Mexican bankers and lawyers are mourning the sudden loss of Vicente Corta, an integral partner at the White & Case office in Mexico City who died Friday from a heart attack at the age of 57.
Condolences from executives and former government officials poured onto social media to acknowledge the passing and accomplishments of an affable lawyer who was widely credited with having rescued Mexico’s banking and pension systems from near-ruin. Corta was a long-time public servant before joining White & Case.
“Vicente was a dear friend and colleague and we are shocked by his passing,” White & Case Chair Hugh Verrier told Law.com International. “He was one of the strongest leaders I’ve ever known, dedicated completely to our clients and people.”
Francisco de Rosenzweig, a White & Case partner and fellow former government official in Mexico, said Corta will be missed across the firm and beyond.
“His impact went well beyond his work at White & Case—he was a well-known and respected figure throughout Mexico’s business, governmental and cultural circles,” De Rosenzweig posted on LinkedIn.
Tony Garza, former U.S. ambassador to Mexico under George W. Bush who is now counsel in the Mexico City office of White & Case, also lauded Corta for his legal skill.
“I always introduced Vicente to others as amongst the very best legal minds in the country, and even better strategist,” Garza said. “As they say in sports, he knew how to ‘skate to where the puck was headed, not where it’d been.’ I’ll miss him, as will all whose lives he touched and the country he made better by serving.”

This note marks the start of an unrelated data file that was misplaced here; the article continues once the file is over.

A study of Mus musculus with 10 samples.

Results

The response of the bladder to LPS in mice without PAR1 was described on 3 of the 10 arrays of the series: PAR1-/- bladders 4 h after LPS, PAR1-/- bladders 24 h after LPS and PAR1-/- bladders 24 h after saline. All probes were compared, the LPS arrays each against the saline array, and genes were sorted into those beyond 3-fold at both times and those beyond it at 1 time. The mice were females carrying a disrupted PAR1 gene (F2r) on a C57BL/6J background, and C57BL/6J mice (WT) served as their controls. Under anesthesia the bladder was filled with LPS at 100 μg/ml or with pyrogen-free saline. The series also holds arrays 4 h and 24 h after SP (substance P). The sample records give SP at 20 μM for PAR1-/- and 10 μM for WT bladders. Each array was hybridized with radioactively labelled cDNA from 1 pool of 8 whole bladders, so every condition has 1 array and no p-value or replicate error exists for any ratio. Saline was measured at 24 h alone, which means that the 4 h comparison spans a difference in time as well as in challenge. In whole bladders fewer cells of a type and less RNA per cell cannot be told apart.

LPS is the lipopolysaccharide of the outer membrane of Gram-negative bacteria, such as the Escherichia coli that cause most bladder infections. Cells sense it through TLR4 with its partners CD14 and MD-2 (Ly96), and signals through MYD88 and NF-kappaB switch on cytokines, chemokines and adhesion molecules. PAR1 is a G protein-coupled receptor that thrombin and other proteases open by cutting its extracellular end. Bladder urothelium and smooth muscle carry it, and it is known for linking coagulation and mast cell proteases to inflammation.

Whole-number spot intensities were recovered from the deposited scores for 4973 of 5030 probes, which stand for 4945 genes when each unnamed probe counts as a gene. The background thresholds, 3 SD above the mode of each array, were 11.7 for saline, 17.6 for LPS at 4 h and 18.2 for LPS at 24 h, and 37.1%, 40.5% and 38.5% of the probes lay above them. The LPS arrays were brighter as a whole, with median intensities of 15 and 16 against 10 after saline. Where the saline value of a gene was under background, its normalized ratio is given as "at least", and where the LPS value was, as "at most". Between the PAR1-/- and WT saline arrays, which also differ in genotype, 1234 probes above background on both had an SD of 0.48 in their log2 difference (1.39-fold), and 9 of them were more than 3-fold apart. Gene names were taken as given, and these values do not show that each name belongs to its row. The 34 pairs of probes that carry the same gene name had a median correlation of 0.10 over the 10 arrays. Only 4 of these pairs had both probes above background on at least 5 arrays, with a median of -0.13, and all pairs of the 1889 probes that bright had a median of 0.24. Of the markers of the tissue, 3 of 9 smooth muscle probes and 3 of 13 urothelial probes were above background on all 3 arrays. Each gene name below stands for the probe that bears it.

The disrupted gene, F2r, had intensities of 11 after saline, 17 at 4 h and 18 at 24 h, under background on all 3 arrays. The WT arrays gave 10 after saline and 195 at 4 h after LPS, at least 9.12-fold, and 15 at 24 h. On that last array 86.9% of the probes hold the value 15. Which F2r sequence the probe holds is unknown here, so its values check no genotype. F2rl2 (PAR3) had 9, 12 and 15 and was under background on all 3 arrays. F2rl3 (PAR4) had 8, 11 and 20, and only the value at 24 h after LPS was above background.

Early in the COVID-19 pandemic, Corta contemplated the dilemmas faced by Mexicans at a very difficult juncture. The Mexican government had made clear it planned to offer little public assistance to the private sector.
“Mexico has a lot of experience dealing with crisis,” he said in an interview at the time, demonstrating what many say was his characteristic pragmatism.
Corta had the air of an elder statesman, but with none of the aloofness that might be associated with a man of his stature and connections, his former colleagues said.
“There’s not a single sector, topic or person who today isn’t better after having had contact with him,” José Antonio Meade, who held cabinet positions under Mexican Presidents Felipe Calderón and Enrique Peña Nieto, reflected in the Mexican daily El Financiero.
Corta acted as a bridge between the public and private sectors in Mexico, having spent 12 years at government financial entities before entering private practice.
“People who develop in both the private and public sectors are more efficient,” Corta said in an interview with Law.com International in 2019.
At White & Case, Corta’s practice focused on the regulatory and transactional aspects of banking, project finance, securities and insolvency matters.
He led the firm’s restructuring practice in Mexico, while also guiding clients through technically complicated derivatives, asset finance, regulatory and compliance issues—as well as handling a number of high-profile shareholder disputes.
Corta was generous with his time and wisdom, lawyers said. He mentored many young lawyers and served on the boards of various companies, including Mexico’s flagship carrier, Aeroméxico.
Andrés Conesa, chief executive of Aeroméxico, took to social media as well to bid farewell to Corta, who he described as “an exceptional person and exemplary Mexican” who contributed in a “decisive manner so that our beloved airline today flies very high.”
Maria Ariza, CEO of Mexico’s alternative stock exchange, BIVA, expressed her thanks to Corta on Twitter for his “positive disposition” and “unconditional support.”
“What a man you were, Vicente Corta.” she wrote. “You left a huge imprint.”